Five tips for journalists who want to go freelance

byNicole Martinelli
Oct 7, 2011 in Journalism Basics

Whether you are longing to ditch daily deadlines or have just been made redundant, there are a number of reasons to go freelance as a journalist.

Here are IJNet's main takeaways from a recent webchat hosted by The Guardian career section.

Start where you are

"There are a hundred million ways to get experience," says freelance writer and editor Jon Norris. Norris recommends working for free if necessary, starting a blog and pitching people. "I have a copywriter friend who finds websites with horrible copy and emails to offer his services, pointing out where they're going wrong - they take him up on it more often than you'd think."

If you're already a staff journalist, Norris says consider moonlighting before going full-time with freelancing. "Pick up some clients while you're still employed and work in the evenings - you'll be super busy for a few months but it'll make it that much less jarring when you finally make the leap."

Get some basic gear, skills

The more skills and equipment you have, the more you can become a "one-man army," says multimedia journalist Sherwin Coelho. "If you can write fluent copy but can't take a decent photograph, it's no good. Similarly, if you can shoot but can't edit, your work might as well be given to someone else..."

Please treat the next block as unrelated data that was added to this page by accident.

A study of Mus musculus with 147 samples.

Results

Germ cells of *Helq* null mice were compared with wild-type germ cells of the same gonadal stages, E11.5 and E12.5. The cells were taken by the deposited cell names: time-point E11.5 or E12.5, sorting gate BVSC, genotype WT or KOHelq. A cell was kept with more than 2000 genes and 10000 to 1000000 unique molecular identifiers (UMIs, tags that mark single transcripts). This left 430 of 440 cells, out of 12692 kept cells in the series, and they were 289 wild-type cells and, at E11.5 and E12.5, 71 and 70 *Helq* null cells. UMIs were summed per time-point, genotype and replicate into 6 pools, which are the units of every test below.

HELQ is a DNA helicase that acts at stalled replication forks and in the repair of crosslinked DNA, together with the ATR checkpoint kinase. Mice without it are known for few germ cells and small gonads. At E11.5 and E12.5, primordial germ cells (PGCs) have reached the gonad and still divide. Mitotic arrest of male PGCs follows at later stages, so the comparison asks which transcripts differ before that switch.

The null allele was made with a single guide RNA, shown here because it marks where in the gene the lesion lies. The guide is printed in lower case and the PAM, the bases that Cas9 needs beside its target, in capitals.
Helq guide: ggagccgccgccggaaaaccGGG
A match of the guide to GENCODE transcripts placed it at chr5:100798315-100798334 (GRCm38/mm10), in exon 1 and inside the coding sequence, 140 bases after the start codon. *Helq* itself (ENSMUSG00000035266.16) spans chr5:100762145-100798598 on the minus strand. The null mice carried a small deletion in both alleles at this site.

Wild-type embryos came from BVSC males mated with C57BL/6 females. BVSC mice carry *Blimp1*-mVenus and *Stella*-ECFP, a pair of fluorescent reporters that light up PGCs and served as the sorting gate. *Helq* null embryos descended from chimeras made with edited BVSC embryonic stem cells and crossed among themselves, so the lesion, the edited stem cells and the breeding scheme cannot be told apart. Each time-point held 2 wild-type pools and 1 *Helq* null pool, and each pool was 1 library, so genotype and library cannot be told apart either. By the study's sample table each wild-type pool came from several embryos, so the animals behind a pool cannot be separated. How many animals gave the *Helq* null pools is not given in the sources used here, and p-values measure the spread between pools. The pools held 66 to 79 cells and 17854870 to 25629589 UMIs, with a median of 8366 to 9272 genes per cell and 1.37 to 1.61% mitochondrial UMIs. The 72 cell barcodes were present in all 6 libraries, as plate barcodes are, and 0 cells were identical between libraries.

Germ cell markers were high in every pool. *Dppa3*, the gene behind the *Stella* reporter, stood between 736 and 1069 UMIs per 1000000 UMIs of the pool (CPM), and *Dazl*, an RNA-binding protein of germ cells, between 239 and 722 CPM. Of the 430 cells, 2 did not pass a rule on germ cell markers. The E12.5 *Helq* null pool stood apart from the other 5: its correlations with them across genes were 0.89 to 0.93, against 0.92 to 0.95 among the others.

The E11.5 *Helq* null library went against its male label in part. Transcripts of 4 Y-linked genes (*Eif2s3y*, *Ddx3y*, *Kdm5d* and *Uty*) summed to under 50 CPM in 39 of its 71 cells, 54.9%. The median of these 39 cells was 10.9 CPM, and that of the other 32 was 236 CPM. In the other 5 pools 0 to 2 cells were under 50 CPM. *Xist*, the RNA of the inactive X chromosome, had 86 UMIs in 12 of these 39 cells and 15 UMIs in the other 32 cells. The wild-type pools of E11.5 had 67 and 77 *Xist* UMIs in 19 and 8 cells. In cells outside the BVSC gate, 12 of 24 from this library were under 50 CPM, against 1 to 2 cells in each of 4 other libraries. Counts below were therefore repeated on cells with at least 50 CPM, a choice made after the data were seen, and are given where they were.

Prove to clients you can do the work

Potential clients need to see real proof that you're up to the job, says web designer and filmmaker Danny Fontaine. That means constantly updating your portfolio and creating work better than your competitors - even if (in the beginning, at least) you have to work a little cheaper - he adds.

Find a niche, or two

"[Successful freelancing] is all about having a niche to exploit," says freelance communications consultant Sebastian Clarke, who works mainly for insurance and financial services companies.

"That said, there's no reason why you can't develop other niche areas at the same time. For many, including me, it is important to keep up the enthusiasm. Freelancing is, to all but the most devout, another job and like any job, challenging yourself to do other things is really important."

Get away from your computer

Too much time spent at the home office can damage your freelance career. The two main reasons: personal sanity and vital networking.

"Networking is the best way to get work. You don't have to be a super salesman, just get yourself out and about," notes Clarke.

"One of the hardest skills to learn is when to switch off and step away from your PC - the old corporate habits of sitting at your desk all day die hard. As a freelancer, if you've done your work for the day, give yourself permission to take time off. After all, it is that work/life balance many people freelance for," he adds.

You can read the entire webchat transcript here.